I wrote about Punk fashion for The Roundhouse, in time for their celebration of Punk London: Roundhouse Punk Weekender. Click here to see the article online, or read it in full below.
Where did punk really begin? New Yorkers claim it grew out of their music scene headed by bands like the New York Dolls, but Londoners reckon the punk scene stemmed out of a specifically British mindset. Britain saw a flurry of youth subcultures emerge during the post-war years; Teds, Mods, Skinheads … and punk came on to the scene as an expression of rebellion. Punks railed against traditional notions of gender, family and hierarchy, with punk fashion being the strongest symbol of this.
Punk epitomised a D.I.Y attitude to fashion as a reaction against the consumerism of 70s Post Modernism – and image was everything. Young punks wore a mish-mash of recycled clothing, often sourced from charity shops. Garments were destroyed, torn and defaced in a style more anti-fashion than fashion, as a statement against pristine clothing favoured by the affluent. Straps, often attached to trouser legs, were a blatant reference to sexual bondage gear. Purposefully ripped T-shirts were held together with safety pins and women combined tartan kilts, laddered fishnets and heavy Doc Martens to challenge gendered clothing. Extreme hairdos, body piercings and an aggressive stance all tested the boundaries of social acceptability.
To be vilified for your stance was a badge of honour not a condemnation.
Provocative music and fashion fused to create the Punk scene. Former art student turned entrepreneur, Malcolm McLaren, formed The Sex Pistols whose message was a clear call for confrontation. The Sex Pistols arrived in a hail of spitting, gobbing and loud-mouthed lyrics; Johnny Rotten blamed it on his sinuses, Julian Temple likened it to the hail of arrows at the Battle of Agincourt.
Soon after punk’s emergence, designer Vivienne Westwood and Malcolm McLaren started producing punk inspired clothing for their shop SEX on London’s King’s Road. Described by Westwood as a “crucible”, their shop displayed phallic images, graffiti and bondage gear. The couple created punk fashions including T-shirts emblazoned with anarchic slogans. This became an iconic, if more costly, version of punk fashion and gave rise to the formalizing of sub-culture fashion statements – but could this readymade, manufactured punk fashion still be classed as Punk D.I.Y (one of punk’s main hallmarks)?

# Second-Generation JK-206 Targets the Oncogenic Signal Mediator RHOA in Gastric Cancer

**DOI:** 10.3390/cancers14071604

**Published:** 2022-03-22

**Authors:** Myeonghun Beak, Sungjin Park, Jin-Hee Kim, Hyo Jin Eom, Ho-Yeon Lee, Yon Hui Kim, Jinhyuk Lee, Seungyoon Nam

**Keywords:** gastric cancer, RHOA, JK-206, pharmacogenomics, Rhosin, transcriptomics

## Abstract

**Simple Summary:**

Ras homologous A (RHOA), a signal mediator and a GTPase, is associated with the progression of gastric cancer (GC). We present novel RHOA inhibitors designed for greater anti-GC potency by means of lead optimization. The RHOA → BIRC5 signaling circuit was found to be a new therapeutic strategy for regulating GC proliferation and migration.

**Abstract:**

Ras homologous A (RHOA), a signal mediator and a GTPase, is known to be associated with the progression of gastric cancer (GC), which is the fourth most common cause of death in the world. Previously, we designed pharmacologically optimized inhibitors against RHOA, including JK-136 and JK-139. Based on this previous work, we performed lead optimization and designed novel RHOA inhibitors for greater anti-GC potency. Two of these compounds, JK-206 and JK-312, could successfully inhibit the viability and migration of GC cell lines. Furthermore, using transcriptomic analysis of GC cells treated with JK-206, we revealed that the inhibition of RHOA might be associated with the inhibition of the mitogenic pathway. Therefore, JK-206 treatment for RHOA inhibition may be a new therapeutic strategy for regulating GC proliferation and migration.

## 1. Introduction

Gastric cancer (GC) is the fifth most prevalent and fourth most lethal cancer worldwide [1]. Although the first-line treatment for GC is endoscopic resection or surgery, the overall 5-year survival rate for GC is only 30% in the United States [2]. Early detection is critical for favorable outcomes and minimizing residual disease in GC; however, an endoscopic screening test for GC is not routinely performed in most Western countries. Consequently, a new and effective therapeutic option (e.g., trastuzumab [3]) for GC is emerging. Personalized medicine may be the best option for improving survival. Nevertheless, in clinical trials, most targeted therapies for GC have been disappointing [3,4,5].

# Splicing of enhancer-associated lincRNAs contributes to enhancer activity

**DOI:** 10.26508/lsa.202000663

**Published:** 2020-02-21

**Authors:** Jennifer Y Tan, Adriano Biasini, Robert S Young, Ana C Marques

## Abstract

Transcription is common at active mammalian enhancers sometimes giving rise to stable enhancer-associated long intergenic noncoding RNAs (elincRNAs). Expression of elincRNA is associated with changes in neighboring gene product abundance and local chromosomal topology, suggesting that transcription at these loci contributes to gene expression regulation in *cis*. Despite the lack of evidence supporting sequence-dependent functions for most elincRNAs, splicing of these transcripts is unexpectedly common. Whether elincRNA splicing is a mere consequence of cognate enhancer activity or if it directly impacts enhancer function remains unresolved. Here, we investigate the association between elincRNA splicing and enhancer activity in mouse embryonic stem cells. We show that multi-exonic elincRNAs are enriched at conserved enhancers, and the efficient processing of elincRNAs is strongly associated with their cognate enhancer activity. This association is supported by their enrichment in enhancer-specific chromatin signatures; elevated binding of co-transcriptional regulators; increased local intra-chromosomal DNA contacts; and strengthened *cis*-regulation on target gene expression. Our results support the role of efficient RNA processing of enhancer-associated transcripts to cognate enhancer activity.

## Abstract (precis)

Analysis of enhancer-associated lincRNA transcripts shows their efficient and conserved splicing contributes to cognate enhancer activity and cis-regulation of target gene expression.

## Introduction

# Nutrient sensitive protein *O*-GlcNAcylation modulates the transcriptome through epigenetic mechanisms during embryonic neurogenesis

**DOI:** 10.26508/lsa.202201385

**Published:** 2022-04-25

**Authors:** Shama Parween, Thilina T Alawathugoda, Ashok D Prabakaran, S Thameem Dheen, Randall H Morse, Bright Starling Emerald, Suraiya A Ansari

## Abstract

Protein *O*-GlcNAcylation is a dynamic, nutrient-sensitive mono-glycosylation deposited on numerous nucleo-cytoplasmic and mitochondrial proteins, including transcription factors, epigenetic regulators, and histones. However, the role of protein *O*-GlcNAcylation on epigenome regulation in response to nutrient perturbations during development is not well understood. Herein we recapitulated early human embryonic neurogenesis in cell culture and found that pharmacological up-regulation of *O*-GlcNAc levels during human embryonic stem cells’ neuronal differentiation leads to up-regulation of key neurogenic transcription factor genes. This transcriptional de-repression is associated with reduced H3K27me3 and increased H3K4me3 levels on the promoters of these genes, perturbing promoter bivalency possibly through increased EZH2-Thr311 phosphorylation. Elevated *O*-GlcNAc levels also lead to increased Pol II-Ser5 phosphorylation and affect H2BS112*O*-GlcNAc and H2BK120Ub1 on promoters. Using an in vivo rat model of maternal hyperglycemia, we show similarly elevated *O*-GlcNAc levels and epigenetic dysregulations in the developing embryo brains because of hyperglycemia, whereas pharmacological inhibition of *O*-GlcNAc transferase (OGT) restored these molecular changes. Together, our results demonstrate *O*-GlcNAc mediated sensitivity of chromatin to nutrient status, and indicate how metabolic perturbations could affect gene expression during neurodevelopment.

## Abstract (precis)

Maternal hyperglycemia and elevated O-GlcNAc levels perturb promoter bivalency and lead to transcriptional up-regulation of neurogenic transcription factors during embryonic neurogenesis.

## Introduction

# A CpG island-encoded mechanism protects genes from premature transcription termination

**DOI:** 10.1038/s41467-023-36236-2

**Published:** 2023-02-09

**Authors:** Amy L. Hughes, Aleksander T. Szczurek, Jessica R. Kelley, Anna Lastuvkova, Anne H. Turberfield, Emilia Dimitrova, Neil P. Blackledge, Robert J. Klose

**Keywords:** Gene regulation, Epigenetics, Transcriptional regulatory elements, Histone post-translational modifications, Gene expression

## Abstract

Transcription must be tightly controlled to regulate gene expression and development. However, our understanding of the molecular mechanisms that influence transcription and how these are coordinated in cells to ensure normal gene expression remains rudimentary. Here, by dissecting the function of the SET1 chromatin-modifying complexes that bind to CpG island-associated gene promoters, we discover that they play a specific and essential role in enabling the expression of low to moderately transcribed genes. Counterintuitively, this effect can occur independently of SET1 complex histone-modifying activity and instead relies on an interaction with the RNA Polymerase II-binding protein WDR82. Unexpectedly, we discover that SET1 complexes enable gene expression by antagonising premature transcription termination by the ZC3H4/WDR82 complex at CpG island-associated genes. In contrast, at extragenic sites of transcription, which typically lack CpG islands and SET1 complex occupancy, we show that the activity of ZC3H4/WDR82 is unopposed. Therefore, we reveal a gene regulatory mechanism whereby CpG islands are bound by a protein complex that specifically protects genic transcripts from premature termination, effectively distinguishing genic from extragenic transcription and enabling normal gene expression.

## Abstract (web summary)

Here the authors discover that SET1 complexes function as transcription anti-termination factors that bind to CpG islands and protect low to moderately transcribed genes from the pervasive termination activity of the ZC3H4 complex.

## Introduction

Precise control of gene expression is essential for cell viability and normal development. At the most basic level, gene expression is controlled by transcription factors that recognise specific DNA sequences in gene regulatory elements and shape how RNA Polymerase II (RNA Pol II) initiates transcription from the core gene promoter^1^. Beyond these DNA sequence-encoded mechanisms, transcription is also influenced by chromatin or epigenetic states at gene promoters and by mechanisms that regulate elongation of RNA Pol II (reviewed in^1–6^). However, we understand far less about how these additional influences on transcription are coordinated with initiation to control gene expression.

Punk soon became popular with art students who embraced it as a music and fashion statement and a number of Punk Bands emerged, many all-female. While openly expressing scorn against Punk’s obsession with petty violence, filmmaker Derek Jarman nevertheless produced the Punk-inspired film Jubilee as a rant against the corruption of money obsessed 70’s Britain. In Jubilee Queen Elizabeth I is transported to a 70s London ruled by Punk anarchists. Modern critics consider it to be the best example of the Punk genre in film, but Punk audiences at the time hated it. Siouxsie Sioux who had a role in the film denounced it as ‘hippy trash’ and Vivienne Westwood condemned Jarman as exploiting Punk. Westwood wrote an open letter, appropriately enough, printed on a t-shirt - ‘I had been to see it once and thought it the most boring and therefore disgusting film I had ever seen’ she wrote.
In November 2016 Joe Corré, former ‘underwear king’ and son of Westwood and McLaren, plans to burn £5million worth of Punk memorabilia as a protest against Punk London, claiming Punk does not belong in the mainstream. Ironically Vivienne Westwood, often nicknamed the Queen of Punk, was honoured by the Queen in 1992 and is now a Dame. Corré’s gesture raises an interesting reflection on the original Punk scene. While it’s easy to re-appropriate versions of Punk fashion - ripped jeans, frayed hems, studded leather, tartan and straps for example have become mainstream and are even seen on high-end catwalks - we shouldn’t forget Punk’s 70s origins as a politicized subculture with serious social objectives.
Whether punk has at times been hijacked by the mainstream, its influence on arts culture and fashion in particular, is undeniable. Never before has the clothes we wear been dictated by a subculture so powerfully. Malcolm McLaren probably said it best; “Punk’s influence on music, movies, art, design and fashion is no longer in doubt”.
Image Credits: Ted Polhemus, Alex Levac, Derek Jarman, V&A, John Selby.